Kurds Take Kirkuk - How Long Til the Sellout?
I'd gather everyone is pleased another tyrant is pushing up daisies, and I am especially glad that the Kurds will not, ideally, get a chance at what they've been denied by Western imperialists for 100 years now: a chance to choose their own destiny. However, we all know the US can't surrender that northern oil field - so the question should be, when does the sellout happen?
Kurds Seize Iraq's Northern Oil Hub of Kirkuk
KIRKUK, Iraq (Reuters) - Kurdish guerrillas scored their biggest success of the Iraq (news - web sites) war on Thursday by capturing the key northern oil city of Kirkuk in an almost bloodless rout of government forces that sparked joyful street celebrations.
It was the first major city in northern Iraq to fall in the U.S.-led war to oust President Saddam Hussein (news - web sites), and its capture sparked immediate concerns in neighboring Turkey, worried about the possible creation of an independent Kurdish state.
It was unclear how far the Kurdish move into Kirkuk had been coordinated with U.S. forces, under whose authority the Kurds have said they operate. In a bid to reassure Turkey, the White House said U.S. armed forces would be in control of Kirkuk.
Senior Kurdish commander Mam Rostam told Reuters in Kirkuk that "peshmerga" fighters, who engaged Iraqi forces in light fighting for around five hours before the city fell, moved on the city when they heard an uprising had begun.
"We were on top of the hill and we heard there was an uprising, so we just entered the city," said Rostam, of the Patriotic Union of Kurdistan (PUK). But he and other Kurdish officials could not confirm an explicit U.S. order to move.
Residents of Kirkuk, a city of 700,000 people that for the past 12 years has been under Baghdad's control but is close to a Kurdish-ruled zone of northern Iraq, gave an ecstatic welcome to hundreds of Kurdish fighters pouring in from the east.
Local people cheered the peshmerga (which means "those who face death") as liberators and children swarmed out into the streets, stopping cars and saying "Thanks Mr. Bush" in reference to President Bush (news - web sites).
There was no sign of resistance and residents said Iraqi soldiers had either laid down their arms or withdrawn south toward Tikrit. Rostam said Kirkuk was "under control."
Omar Fatah (news - web sites), a senior PUK official, warned that many Iraqi soldiers were probably still hiding in the city, although he did not believe they represented a major security threat.
The city was pounded by U.S. B-52 bombers in the morning, helping to trigger the Iraqi collapse, which came the day after U.S. forces took control of most of Baghdad.
U.S. bombers had been pummeling Iraqi defensive lines near Kirkuk and elsewhere along the demarcation line with the Kurdish-run area since the Iraq war began on March 20. But only in the last few days had Iraqi troops begun pulling back.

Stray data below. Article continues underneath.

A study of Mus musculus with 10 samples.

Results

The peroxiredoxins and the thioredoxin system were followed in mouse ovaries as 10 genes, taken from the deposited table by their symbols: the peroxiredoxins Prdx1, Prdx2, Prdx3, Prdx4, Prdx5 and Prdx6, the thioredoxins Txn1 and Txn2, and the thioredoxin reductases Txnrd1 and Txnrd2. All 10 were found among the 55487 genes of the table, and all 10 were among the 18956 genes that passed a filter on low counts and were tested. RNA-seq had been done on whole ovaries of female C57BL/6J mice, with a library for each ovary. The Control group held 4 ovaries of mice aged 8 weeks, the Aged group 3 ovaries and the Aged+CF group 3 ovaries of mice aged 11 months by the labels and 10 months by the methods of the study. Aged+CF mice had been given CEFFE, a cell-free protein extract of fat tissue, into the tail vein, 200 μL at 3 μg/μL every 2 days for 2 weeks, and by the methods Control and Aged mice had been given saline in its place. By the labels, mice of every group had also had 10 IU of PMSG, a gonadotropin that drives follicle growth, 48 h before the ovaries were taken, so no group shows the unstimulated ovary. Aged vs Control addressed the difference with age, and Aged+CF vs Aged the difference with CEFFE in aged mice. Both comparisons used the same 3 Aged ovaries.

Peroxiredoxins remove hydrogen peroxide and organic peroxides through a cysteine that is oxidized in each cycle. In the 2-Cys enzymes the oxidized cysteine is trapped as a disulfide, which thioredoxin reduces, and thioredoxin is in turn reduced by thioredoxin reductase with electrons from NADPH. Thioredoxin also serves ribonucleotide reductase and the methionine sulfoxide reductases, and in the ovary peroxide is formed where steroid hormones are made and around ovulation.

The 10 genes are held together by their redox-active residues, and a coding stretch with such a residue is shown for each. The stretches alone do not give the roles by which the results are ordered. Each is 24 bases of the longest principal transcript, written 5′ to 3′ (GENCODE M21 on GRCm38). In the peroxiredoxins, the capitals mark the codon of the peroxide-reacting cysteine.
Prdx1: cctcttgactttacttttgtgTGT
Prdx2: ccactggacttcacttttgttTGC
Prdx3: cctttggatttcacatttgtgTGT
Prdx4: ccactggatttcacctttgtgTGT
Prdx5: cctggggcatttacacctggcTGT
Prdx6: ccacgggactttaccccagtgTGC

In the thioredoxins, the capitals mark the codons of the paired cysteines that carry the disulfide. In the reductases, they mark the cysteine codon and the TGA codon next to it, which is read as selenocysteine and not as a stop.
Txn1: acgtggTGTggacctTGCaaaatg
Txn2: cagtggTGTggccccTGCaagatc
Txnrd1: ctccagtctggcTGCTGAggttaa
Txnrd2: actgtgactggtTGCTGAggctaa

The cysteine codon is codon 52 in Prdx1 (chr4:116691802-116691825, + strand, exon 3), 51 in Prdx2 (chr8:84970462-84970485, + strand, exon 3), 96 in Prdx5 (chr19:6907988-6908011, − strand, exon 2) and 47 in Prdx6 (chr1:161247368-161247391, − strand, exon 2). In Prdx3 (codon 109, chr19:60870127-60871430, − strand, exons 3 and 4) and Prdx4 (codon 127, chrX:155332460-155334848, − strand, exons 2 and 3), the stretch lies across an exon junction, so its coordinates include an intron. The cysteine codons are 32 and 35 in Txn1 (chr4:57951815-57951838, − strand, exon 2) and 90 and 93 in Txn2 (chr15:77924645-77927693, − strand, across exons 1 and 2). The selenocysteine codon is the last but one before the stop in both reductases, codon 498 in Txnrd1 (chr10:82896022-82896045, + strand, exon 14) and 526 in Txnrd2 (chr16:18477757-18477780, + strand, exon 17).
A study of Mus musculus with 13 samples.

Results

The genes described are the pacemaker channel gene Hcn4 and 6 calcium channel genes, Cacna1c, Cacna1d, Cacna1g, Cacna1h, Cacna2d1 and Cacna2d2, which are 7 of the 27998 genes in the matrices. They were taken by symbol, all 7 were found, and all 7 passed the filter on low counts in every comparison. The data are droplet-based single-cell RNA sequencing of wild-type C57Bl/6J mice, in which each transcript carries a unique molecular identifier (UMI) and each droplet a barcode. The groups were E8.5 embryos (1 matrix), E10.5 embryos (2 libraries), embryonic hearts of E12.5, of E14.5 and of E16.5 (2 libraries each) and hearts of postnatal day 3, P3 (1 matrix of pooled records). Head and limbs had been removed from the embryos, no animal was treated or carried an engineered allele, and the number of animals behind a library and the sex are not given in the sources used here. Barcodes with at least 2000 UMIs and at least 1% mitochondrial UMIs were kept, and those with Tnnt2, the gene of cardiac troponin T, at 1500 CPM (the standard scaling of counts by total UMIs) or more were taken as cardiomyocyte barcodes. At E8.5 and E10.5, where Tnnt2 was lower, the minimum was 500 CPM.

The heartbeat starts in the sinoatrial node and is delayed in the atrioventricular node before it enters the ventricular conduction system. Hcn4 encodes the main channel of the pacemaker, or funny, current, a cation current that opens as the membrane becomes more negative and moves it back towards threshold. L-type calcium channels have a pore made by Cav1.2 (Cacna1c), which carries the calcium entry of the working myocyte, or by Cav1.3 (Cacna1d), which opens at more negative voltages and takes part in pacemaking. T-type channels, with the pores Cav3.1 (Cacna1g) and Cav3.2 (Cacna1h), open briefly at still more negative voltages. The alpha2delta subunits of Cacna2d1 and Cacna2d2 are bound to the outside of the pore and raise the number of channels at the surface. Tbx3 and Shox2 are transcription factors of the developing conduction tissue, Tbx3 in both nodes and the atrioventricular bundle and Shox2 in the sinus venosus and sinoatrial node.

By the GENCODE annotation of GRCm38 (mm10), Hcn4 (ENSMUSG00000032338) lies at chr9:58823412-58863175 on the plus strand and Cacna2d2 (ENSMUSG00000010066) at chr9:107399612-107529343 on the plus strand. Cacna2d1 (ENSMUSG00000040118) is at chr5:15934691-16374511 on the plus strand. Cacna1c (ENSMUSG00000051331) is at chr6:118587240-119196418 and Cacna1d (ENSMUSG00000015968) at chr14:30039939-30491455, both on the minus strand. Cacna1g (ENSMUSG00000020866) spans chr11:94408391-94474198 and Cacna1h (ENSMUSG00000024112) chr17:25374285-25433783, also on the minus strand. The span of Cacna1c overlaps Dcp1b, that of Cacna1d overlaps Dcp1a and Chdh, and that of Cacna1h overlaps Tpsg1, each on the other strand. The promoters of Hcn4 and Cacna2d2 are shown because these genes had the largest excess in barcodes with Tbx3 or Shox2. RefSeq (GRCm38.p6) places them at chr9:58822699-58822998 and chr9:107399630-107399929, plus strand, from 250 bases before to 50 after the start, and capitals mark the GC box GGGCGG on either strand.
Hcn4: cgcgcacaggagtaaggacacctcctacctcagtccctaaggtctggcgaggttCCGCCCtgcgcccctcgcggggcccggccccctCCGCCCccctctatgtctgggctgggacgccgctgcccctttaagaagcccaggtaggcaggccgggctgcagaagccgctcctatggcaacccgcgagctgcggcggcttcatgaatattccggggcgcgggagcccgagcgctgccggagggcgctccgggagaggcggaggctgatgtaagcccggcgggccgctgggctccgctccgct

IRAQIS CHEER AS STATUE FALLS
The Kurds also captured the town of Khanaqin, near the Iranian border, on Thursday. To the northwest of Kirkuk, U.S. Abrams tanks rolled toward Iraq's third city of Mosul, making their debut on the northern war front, Reuters witnesses said.
There are few U.S. forces in northern Iraq after Turkey refused to let its territory be used to open a second front.
Near Kirkuk, U.S. special forces were seen dismantling targeting equipment, which had been used to guide the bombers.
A huge plume of smoke was visible to the north, which witnesses said came from an oilfield. But the capture of Kirkuk eased market concerns about the oilfields, and oil prices fell.
Kirkuk's streets swarmed with peshmerga wearing their trademark baggy trousers and bandanas and firing in the air.
At a main roundabout near the center, about 300 people toppled a huge statue of Saddam, as they have done in Baghdad and other places where Iraqi forces have been driven away.
People climbed up the six-meter (20-foot) tall statue, one man beating the top of its head with a sledgehammer and others standing on the plinth waving a U.S. Stars and Stripes flag.
Outside a burned government security office people were dancing in the streets and pushing away carts full of appliances they had looted from inside.
"(Iraqi soldiers) all ran away this morning like cowards. Thanks to God and the Kurds in Iraq and Bush, they were driven out, there's not one left," exulted one man, Abu Sardar Mostafa.
"It's the first time I've been happy in 50 years."
Until now, Kirkuk has been in an Iraqi government-controlled area just to the west and south of a Kurdish-ruled zone created under Western protection after the Gulf War of 1991.
The PUK is one of the two main Kurdish organizations in northern Iraq, dividing control of the zone with the Kurdistan Democratic Party (KDP). PUK commanders said KDP peshmerga were also in Kirkuk and the two groups were coordinating.
But the capture of Kirkuk rattled Turkey, which fears it could be the first step to an independent state that could spark separatism among Turkey's own Kurds.
Turkish Foreign Minister Abdullah Gul said Secretary of State Colin Powell had told him U.S. troops would remove the peshmerga from Kirkuk. In Washington, White House spokesman Ari Fleischer said only that American forces would be "in control."
Fleischer also said Washington had agreed to Turkey sending a small number of military observers to the area.